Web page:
Settlers Arrested After Writing 'Revenge' in Stones Near Palestinian Village

The three were detained after getting into a confrontation with Israeli security forces and Palestinians near the village of Sussia.

Three Israeli settlers who used stones to shaped the word "revenge" near the Palestinian village of Sussia were arrested on Saturday for violating an army order barring them from the area. The arrests followed clashes between the three and Israeli security forces and Palestinians, the Israel Police said.
The three also laid stones in the shape of a Star of David in the area.
Based on reports from Palestinian residents of Sussia, in the southern West Bank, the Israeli B'Tselem human rights organization reported that the stones were located about a kilometer from the village in a field that Palestinians had plowed about three weeks ago. Sussia is in Area C of the West Bank, meaning that it is under full military and civil control of Israeli authorities.
In other developments over the weekend, on Friday individuals associated with the right-wing Elad organization, which in part promotes the movement of Jews into the predominantly Palestinian neighborhood of Silwan in East Jerusalem, took possession of a residential building in the neighborhood accompanied by police. The two-story building is not far from the site of an archaeological dig where Elad plans to establish a large Kedem visitors' center to serve the City of David national park in the area, which include finds dating back to biblical times.
Palestinian sources said Elad made use of a middleman to acquire the building from Palestinians.

Yotam Berger

Temple Mount temporarily closed to Jewish visitors after clashes with police

The Temple Mount was temporarily closed to Jewish visitors on Wednesday at the order of Jerusalem District Commander Yoram Halevy after Jews broke visitation rules at the holy site, police said. The Jewish visitors were expelled from the compound for bringing sacred books to the Mount and trying to pray there. After one of the individuals was cautioned, another took out a holy book, and the group was expelled. Meanwhile, renewed clashes erupted between protesters and Israeli security forces near the Lion's Gate in the Old City, where police used stun grenades against the demonstrators. A regular dynamic has developed involving clashes between Palestinians and Israel Police over the past several days near the Lion's Gate. Dozens of Palestinians are present at the site on a regular basis, urging devotion to the Al-Aqsa Mosque on the Temple Mount and condemning Israel. During Muslim prayer times, particularly the midday and nighttime prayers, hundreds and sometimes even thousands have been gathering there.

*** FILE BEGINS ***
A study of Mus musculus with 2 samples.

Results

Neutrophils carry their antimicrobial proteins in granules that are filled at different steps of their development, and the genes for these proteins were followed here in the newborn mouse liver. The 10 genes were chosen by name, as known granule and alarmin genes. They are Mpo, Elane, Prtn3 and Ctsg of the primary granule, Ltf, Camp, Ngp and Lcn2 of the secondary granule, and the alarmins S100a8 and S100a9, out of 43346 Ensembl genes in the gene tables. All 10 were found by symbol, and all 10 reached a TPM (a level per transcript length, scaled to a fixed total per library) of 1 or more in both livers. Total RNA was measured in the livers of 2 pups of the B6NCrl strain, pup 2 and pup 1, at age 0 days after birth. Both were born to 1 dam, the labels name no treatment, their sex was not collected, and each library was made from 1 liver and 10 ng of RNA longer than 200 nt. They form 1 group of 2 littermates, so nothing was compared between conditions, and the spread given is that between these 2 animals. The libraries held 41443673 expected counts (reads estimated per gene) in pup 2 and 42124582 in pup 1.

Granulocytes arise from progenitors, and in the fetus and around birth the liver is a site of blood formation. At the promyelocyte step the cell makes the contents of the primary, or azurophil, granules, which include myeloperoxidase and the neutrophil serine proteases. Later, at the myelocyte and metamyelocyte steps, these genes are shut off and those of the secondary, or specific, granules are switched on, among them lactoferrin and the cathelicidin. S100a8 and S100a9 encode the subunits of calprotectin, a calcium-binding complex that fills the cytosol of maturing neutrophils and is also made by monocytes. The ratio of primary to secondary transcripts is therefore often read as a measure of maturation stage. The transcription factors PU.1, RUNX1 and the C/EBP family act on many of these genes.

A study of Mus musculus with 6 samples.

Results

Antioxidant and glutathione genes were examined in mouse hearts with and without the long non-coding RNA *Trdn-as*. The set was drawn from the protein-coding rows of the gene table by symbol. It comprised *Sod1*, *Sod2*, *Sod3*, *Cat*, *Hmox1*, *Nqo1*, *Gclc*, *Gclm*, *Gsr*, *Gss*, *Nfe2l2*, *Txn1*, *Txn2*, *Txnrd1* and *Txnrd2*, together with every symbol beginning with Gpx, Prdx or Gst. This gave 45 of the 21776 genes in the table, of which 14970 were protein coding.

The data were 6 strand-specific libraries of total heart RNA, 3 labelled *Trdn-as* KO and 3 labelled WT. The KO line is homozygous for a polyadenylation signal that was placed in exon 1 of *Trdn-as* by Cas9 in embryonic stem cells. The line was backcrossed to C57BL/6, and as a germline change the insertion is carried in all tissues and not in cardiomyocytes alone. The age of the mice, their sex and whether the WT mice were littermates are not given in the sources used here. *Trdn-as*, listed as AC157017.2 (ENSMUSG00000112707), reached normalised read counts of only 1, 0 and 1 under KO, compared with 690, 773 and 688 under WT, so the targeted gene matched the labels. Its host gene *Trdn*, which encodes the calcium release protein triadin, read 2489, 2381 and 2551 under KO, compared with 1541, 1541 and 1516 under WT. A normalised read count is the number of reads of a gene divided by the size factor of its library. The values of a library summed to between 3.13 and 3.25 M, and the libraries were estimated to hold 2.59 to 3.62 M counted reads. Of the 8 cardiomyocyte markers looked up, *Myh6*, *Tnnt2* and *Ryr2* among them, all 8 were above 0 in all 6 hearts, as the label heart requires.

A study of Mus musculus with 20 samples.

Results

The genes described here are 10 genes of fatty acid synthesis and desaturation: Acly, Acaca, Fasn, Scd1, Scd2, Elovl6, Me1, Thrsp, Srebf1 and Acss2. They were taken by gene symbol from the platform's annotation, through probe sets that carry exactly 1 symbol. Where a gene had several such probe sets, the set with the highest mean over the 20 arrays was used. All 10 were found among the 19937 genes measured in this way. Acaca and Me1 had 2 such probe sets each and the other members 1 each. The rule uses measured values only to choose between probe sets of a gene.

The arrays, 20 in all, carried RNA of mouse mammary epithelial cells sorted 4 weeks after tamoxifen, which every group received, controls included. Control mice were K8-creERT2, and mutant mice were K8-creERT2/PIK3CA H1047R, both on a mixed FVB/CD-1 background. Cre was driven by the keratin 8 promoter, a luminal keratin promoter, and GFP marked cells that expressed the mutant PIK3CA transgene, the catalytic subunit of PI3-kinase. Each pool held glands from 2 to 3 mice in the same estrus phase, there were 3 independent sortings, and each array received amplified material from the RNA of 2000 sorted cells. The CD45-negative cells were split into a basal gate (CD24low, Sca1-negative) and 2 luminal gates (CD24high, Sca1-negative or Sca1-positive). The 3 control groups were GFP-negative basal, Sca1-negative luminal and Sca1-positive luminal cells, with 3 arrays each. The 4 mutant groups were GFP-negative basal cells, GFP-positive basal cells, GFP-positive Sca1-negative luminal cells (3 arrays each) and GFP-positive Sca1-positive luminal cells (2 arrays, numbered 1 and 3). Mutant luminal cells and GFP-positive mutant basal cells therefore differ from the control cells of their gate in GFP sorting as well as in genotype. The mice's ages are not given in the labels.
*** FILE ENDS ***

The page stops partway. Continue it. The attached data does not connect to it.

There have been outbreaks of violence during these periods, including stone-throwing or physical confrontations with the police. In most of these incidents, the police have been using stun grenades and sponge-tipped bullets to disperse the crowds. In a number of cases, journalists in the area have also suffered violence at the hands of the police. On Tuesday, Hassan Shaalan, a reporter for the Ynet news website, was struck by a policeman even after he identified himself as a member of the press. A group of Jerusalem-based journalists released a statement of condemnation over the incident and called on the police to permit reporters to do their jobs. The Jerusalem Police responded: "This involved an incident that took place in the course of violent disturbances of the peace that occurred in Jerusalem while the police were acting to remove the demonstrators from the street after some of them refused to vacate. The forces working on the scene are under constant threat to their lives.